When you say you’re going to Amsterdam, a lot of people raise their eyebrows, smile knowingly, and say “oh Amsterdam huh?”
It’s a city known for its legal prostitution, “coffee shops” selling more popular plants than just coffee beans (marijuana, for those who need it spelled out), and its wild nightlife. With an annual tourist population larger than its actual population, Amsterdam can be subject to misrepresentation by the weekend-trip frat bros, the nearly adulterous bachelorette parties, and the “I’ve never done it, but it’s Amsterdam!” crowd. Amongst the madness, though, is a city with much more real character than first meets the eye. In terms of culture, practicality and efficiency meet relaxed social attitudes and an unmatched ability for leisure and fun. Scenic canals flanked by narrow buildings and a constant stream of bikes make up the cityscape. Cafés, tons of electronic music festivals, and a surprising number of all-you-can-eat sushi restaurants join the ranks of the “coffee shops” as gathering places. World-renowned art museums are tucked next to shops selling Dutch snacks out of cubbies in the wall, like frikandel and kroketten (find these at the Febo chain). Amsterdam is perhaps best described by the non-translatable Dutch word which describes something cozy and easy to relax into, a warm feeling, a nice day with friends or a date gone well: It’s gezellig.
Arriving at Centraal Station, you’ll be on the northern side of the city. A ferry across the harbor to the north will bring you to Amsterdam Noord, an upcoming neighborhood featuring the new Eye Film Institute and a multitude of cafés overlooking the harbor. South of the station are some of the more touristy parts of town: the Red Light District is a center for nightlife, popular among tourists for its more debaucherous reputation (“red light” comes from the red lights that indicate the windows of prostitutes). In the city center, you’ll find Leidseplein, the site of many clubs and restaurants frequented by tourists and locals alike, and the first location of the Bulldog, Amsterdam’s oldest coffee shop. Rembrandtplein, Leidseplein’s even more touristy counterpart, is also close by. The city center is also where you’ll find many quaint canals and terraces on narrow houses, the classic Amsterdam views. East of the city center are the “nine streets,” full of cute shops and small restaurants. Southwest in Oud-Zuid lies Vondelpark, the city’s largest park, as well as Museumplein, a large grassy area with a stunning view of the Rijksmuseum as well as two of the city’s other most famous museums. Oud-Zuid is also home to some of the city’s wealthiest residents, leafy streets, restaurants, and boutiques. Jordaan is the home of cool traditional bars frequented by longtime Amsterdammers, and in De Pijp you’ll find upscale young hipster places along with evening and early-night locations like restaurants and chatty bars, as well as one of the city’s most famous markets. Amsterdam Oost in the east is spacious and green. Finally, visit Amsterdam West for an up and coming nightlife scene, trendy design stores, excellent restaurants, and hip hangouts.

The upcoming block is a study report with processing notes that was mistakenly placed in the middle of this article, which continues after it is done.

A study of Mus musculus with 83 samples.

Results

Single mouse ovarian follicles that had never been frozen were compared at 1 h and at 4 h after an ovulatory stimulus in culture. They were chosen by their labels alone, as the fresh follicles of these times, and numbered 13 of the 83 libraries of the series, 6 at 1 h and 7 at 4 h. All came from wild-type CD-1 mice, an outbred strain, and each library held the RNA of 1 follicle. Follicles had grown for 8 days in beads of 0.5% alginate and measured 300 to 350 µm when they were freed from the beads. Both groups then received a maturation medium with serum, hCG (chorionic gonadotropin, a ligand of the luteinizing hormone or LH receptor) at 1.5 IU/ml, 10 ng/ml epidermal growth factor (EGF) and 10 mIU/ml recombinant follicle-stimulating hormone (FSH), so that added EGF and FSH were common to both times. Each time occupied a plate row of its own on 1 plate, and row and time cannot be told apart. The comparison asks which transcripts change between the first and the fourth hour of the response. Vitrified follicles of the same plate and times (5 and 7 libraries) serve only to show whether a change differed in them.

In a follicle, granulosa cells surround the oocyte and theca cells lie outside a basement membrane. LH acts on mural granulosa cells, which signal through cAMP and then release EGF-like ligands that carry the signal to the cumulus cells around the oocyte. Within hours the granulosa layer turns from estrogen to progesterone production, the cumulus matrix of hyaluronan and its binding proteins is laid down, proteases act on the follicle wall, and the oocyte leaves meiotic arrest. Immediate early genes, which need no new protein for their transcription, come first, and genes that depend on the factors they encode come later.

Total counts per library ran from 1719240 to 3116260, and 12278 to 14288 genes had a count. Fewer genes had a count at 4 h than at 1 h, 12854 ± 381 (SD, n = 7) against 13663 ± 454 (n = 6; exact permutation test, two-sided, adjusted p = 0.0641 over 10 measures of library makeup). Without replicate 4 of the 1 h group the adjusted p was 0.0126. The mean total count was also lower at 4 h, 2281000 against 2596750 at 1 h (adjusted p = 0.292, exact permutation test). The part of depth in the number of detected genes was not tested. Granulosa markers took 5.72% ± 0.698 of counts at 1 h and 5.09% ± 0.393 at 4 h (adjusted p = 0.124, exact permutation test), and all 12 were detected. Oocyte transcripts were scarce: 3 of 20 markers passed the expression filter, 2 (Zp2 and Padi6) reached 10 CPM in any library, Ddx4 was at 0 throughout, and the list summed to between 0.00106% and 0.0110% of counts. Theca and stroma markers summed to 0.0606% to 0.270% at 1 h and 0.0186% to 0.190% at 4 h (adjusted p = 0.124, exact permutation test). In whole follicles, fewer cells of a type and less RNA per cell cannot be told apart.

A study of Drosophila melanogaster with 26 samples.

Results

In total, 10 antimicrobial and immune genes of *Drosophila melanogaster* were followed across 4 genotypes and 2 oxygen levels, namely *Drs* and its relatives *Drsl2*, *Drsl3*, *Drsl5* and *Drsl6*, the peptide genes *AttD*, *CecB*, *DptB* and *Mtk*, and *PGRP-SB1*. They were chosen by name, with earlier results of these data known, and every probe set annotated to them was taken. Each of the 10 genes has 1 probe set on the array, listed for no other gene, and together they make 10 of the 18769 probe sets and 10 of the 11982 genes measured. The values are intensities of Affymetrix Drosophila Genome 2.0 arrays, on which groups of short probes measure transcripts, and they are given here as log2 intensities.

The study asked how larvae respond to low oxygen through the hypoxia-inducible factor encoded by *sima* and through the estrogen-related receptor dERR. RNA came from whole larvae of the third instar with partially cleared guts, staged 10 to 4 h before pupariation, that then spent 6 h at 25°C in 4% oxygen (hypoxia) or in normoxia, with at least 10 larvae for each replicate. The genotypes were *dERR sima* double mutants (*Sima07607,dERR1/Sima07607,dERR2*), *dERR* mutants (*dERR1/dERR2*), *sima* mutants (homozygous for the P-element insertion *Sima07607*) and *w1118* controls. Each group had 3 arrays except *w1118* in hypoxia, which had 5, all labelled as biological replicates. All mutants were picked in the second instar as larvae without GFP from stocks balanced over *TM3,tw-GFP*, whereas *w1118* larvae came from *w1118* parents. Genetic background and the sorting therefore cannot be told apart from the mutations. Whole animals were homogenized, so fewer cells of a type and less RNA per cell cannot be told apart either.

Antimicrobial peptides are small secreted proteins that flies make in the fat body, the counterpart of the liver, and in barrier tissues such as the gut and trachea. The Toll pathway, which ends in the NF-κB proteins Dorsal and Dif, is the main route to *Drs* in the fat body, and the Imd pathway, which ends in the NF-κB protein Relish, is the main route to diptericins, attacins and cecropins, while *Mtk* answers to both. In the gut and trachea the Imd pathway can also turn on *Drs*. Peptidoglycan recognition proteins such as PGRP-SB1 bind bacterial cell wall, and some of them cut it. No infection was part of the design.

Buses, taxis, and trains are all available from the international airport, Schiphol. The Schiphol Airport train station is just below the airport and buses leave from directly outside the arrivals area. On the train, you’ll arrive at Central Station, the main stop of the metro system. It lies on the harbor and it’s easy to walk into the city center.
Amsterdam has excellent public transport, from buses to trams to a metro system to ferries. All public transportation in Amsterdam can be accessed with an OV-Chipkaart or temporary travel card, which can be purchased at vending machines in the main stations. A variety of options are available, from personalized rechargeable chip cards to single-use or 24hr tickets. You can also consider purchasing the “i amsterdam” City Card, which provides free entry to the top attractions, a canal cruise, and free public transport. It can be purchased for 24hr, 48hr, 72hr, and 96hr durations on www.iamsterdam.com. Bikes are also a popular way to get around Amsterdam. Bike rental shops are all over the city, the most popular being MacBike (red bikes) and Yellow Bike (obviously yellow bikes).
Tourist Offices: Stationsplein 10; 020 702 6000; open M-Sa 9am-5pm.
Banks/ATMs/Currency Exchange: Damrak 86; 020 624 6682; open M-Sa 9am-8pm, Su 11am-6pm.
Post Offices: PostNL (Overtoom 8; 900 0990).
Internet: There are internet cafés and Wi-Fi hotspots available to the public throughout Amsterdam.
BGLTQ+ Resources: A complete list of Amsterdam’s BLGTQ+ resources can be found here: www.iamsterdam.com/en/see-and-do/whats-on/gayamsterdam/resources.
Emergency Number: 112
Police: Politiebureau Centrum-Jordaan (Lijnbaansgracht 219; 0900 8844).
US Embassy: US Consulate General (Museumplein 19; 020 575 5309; open M-F 8:30am-4:30pm).
- OLVG, location Spuistraat (Spuistraat 239; 020 599 4100; M-W, F 8:30am-4:30pm, Th 8am-7:30pm).
- Amsterdam Tourist Doctors (Nieuwe Passeerdersstraat 8; 020 237 3654; open daily 24hr).
- Leidsestraat Pharmacy (020 422 0210; open M-F 8:30am-8pm, Sa 9am-8pm, Su 11am-8pm).
- Amsterdam Central Pharmacy (020 235 7822; M-W, F 7:30am-9pm, Th 7:30am-10pm, Sa-Su 10am-8pm).